The academies programme should be scrapped and replaced with a system in which all state schools have the same status, according to a hard-hitting new report by a former Department for Education adviser.
The report warns that the exorbitant pay of multi-academy trust chief executives has damaged the reputation of academies and a lack of transparency over school decision-making is leaving parents and communities in the dark.
However, the EDSK report, published today, also suggests getting rid of maintained school status and moving to a system where every school has the same “state school” status and is funded directly by the government.
Quick read: Bigger MATs are less efficient, study finds
All state schools could either operate independently or choose to be part of federations or trusts – run by existing MATs, local councils or groups of schools, it suggests.
The end of academies?
The report, by former DfE official Tom Richmond, also proposes scaling back the power of MATs, which would be renamed "national school trusts".
Each school would be its own legal entity, with a decision-making governing body and the power to choose to leave or move between trusts.
The report proposes that councils be put in charge of admissions for all state schools. At present academies act as their own admissions authorities.
The EDSK report recommends giving this power to local authorities because “academies are more likely to fail to meet their responsibilities for running a fair admissions system, often by not accepting vulnerable pupils or by circumventing the schools admissions code”.
The report's recommendations also include:
- Multi-academy trusts would be renamed as "national school trusts" but their schools would have the power to leave if they chose to.
- Local authorities should be able to set up their own "local schools trust", similar to a MAT, which includes all the maintained schools in their locality.
- The eight regional schools commissioners be replaced with 35 "local schools commissioners" responsible for monitoring the performance of all state schools, intervening in underperforming schools and commissioning new school places when required.
- Local authorities be put in charge of school admissions, meaning that existing academies will no longer act as their own "admissions authority".
- Major decisions that affect local education provision such as setting up a new school or moving a school into a trust should involve public meetings and consultations.
Mr Richmond, the director of EDSK said: “England now has two sets of government-funded schools that are run separately from each other and come with their own rules on funding, governance and accountability.
“This has produced a fragmented and incoherent state school system that is confusing and inaccessible for many parents and local communities."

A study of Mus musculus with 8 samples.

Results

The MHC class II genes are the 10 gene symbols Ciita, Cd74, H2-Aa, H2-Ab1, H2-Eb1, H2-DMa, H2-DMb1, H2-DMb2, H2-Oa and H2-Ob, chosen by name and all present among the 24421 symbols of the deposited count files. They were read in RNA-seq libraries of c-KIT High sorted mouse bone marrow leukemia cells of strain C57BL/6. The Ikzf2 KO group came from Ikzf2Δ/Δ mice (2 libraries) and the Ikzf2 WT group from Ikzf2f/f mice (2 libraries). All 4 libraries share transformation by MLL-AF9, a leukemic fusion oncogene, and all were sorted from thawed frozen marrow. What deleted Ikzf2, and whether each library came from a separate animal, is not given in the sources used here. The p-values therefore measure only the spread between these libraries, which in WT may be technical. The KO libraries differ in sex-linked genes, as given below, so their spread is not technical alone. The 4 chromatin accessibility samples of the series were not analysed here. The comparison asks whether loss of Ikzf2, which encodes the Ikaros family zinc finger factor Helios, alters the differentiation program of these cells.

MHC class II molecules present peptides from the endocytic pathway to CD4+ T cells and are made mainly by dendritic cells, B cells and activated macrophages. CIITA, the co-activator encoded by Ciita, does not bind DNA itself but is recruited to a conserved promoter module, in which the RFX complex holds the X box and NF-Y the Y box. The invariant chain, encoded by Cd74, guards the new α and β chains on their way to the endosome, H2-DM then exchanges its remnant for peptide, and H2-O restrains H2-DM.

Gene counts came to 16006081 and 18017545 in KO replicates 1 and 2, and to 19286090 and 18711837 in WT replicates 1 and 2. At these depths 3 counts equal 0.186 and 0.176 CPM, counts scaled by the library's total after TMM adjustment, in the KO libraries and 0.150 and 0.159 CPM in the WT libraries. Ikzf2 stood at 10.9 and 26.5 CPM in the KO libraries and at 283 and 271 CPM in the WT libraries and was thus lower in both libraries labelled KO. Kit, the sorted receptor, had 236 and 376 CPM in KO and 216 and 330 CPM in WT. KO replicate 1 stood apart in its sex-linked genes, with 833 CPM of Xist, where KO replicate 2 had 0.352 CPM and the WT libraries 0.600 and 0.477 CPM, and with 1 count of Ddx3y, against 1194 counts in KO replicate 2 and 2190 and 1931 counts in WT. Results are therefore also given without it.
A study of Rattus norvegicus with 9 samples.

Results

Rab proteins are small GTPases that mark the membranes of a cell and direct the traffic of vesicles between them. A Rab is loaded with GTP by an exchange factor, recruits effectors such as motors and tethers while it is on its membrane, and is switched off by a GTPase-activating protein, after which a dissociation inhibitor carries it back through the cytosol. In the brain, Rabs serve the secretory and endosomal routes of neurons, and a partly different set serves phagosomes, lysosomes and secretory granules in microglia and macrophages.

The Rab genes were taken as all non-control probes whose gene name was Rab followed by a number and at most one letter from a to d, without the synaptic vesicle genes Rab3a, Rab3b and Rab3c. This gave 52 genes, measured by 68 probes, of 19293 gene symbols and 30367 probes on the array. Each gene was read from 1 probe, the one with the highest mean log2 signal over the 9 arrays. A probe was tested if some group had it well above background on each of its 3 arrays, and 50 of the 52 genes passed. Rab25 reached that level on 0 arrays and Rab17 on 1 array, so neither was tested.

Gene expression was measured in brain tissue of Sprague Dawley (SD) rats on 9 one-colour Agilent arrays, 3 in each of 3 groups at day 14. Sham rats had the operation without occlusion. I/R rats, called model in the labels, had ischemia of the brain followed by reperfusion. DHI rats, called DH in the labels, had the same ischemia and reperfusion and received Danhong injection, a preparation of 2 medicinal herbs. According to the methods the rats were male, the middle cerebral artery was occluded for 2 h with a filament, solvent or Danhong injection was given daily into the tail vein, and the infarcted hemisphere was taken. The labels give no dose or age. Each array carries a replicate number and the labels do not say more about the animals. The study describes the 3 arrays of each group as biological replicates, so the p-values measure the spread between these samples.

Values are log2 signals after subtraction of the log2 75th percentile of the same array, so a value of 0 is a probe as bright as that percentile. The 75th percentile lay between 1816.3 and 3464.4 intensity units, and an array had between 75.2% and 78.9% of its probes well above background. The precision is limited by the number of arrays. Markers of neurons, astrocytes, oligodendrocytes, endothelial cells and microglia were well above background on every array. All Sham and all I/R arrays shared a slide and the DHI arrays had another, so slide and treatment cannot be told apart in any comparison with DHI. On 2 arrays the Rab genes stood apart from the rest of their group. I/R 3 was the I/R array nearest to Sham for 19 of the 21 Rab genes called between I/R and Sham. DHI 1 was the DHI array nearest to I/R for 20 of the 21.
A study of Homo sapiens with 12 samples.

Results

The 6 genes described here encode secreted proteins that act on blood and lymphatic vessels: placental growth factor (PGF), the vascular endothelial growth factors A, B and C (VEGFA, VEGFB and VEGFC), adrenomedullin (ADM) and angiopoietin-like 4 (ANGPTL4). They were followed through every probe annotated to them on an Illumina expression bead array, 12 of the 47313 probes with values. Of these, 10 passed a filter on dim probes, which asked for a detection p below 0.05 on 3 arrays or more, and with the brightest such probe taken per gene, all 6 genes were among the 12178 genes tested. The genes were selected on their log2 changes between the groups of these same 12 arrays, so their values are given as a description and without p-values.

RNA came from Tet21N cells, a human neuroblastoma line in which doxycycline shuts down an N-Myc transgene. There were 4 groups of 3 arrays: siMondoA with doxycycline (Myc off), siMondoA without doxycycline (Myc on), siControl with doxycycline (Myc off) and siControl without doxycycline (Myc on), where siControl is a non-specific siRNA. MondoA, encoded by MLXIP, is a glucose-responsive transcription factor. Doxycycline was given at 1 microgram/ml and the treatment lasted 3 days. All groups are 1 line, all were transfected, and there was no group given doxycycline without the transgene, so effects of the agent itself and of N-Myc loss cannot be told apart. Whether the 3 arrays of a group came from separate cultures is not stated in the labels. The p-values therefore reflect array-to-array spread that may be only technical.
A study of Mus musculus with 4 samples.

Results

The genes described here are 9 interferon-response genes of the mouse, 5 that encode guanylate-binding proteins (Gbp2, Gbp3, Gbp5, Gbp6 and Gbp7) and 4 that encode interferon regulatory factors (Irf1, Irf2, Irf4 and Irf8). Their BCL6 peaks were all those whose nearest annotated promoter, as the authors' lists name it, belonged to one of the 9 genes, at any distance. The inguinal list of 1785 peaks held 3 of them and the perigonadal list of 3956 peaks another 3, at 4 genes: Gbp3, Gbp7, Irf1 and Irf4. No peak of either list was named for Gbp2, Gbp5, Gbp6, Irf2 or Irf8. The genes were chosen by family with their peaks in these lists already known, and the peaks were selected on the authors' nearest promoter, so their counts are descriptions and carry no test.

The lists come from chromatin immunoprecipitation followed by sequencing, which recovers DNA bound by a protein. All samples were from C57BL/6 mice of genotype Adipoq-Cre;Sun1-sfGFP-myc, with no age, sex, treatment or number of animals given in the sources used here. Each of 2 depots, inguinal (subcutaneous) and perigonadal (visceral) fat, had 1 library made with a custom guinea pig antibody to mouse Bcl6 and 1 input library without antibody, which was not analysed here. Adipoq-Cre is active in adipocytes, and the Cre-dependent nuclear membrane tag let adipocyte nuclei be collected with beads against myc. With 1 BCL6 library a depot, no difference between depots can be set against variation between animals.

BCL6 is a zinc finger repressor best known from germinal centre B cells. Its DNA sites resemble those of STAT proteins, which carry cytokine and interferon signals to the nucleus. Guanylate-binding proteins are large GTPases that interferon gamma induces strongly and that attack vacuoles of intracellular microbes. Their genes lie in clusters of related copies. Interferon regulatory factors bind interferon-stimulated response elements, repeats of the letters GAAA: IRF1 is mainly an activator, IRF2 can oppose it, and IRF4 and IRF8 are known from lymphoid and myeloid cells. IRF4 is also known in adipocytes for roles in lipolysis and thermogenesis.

'Best of both worlds'
Mr Richmond said the changes he was proposing would combine the best of both systems by promoting autonomy in schools and school collaboration but also improving the transparency and accountability of the system.
He added: ““The seemingly endless debates over whether one set of schools is better than the other makes it difficult to hold important discussions about how to improve education standards.
"The best way to move beyond these polarised opinions is for the government to set the explicit goal of bringing all state schools together into a single, unified system that draws on the best of what academies and maintained schools have to offer.
“It is vital that all stakeholders – including pupils, parents, teachers and politicians – can judge schools on a level playing field in which every school is given the same support and opportunities to succeed."
'This amounts to academisation'
However, Kevin Courtney, joint general secretary of the NEU teaching union, said that rather than ending the academy programme, the plans “amount to the total academisation of the school system by central government diktat”.
He added: “There is now huge dissatisfaction with the academies programme and a realisation that its inherent structural problems are not possible to resolve.
“The call to reinstate local democratic accountability of schools is being made across the political spectrum.
“This is a clear attempt to breathe life into a dying programme before this happens.
“It would also involve an expansion of the unelected and unaccountable regional schools commissioner bureaucracy. It would actually reduce democratic accountability and make it harder for parents and staff to understand and navigate the system.”
The chair of the Local Government Association’s children and young people board, Councillor Judith Blake, said: “Academisation isn’t always the best or only solution. Staying under council control delivers better results for a school than those which convert to an academy.
“This is why in the upcoming spending round, the government needs to give councils the powers to open new maintained schools where that is the local preference."
A DfE spokesperson said: "Standards are rising in sponsored academies and freedom is placed in the hands of school leaders, allowing them to make decisions based on local need and in the interests of their pupils.
“Each year hundreds of schools make the positive choice to convert to academy status – giving great teachers the freedom to focus on what is best for pupils, as well as more autonomy.
“There are more than half a million children studying in sponsored primary and secondary academies that are now rated good or outstanding, with standards rising faster in many sponsored academies than in similar council-run schools.”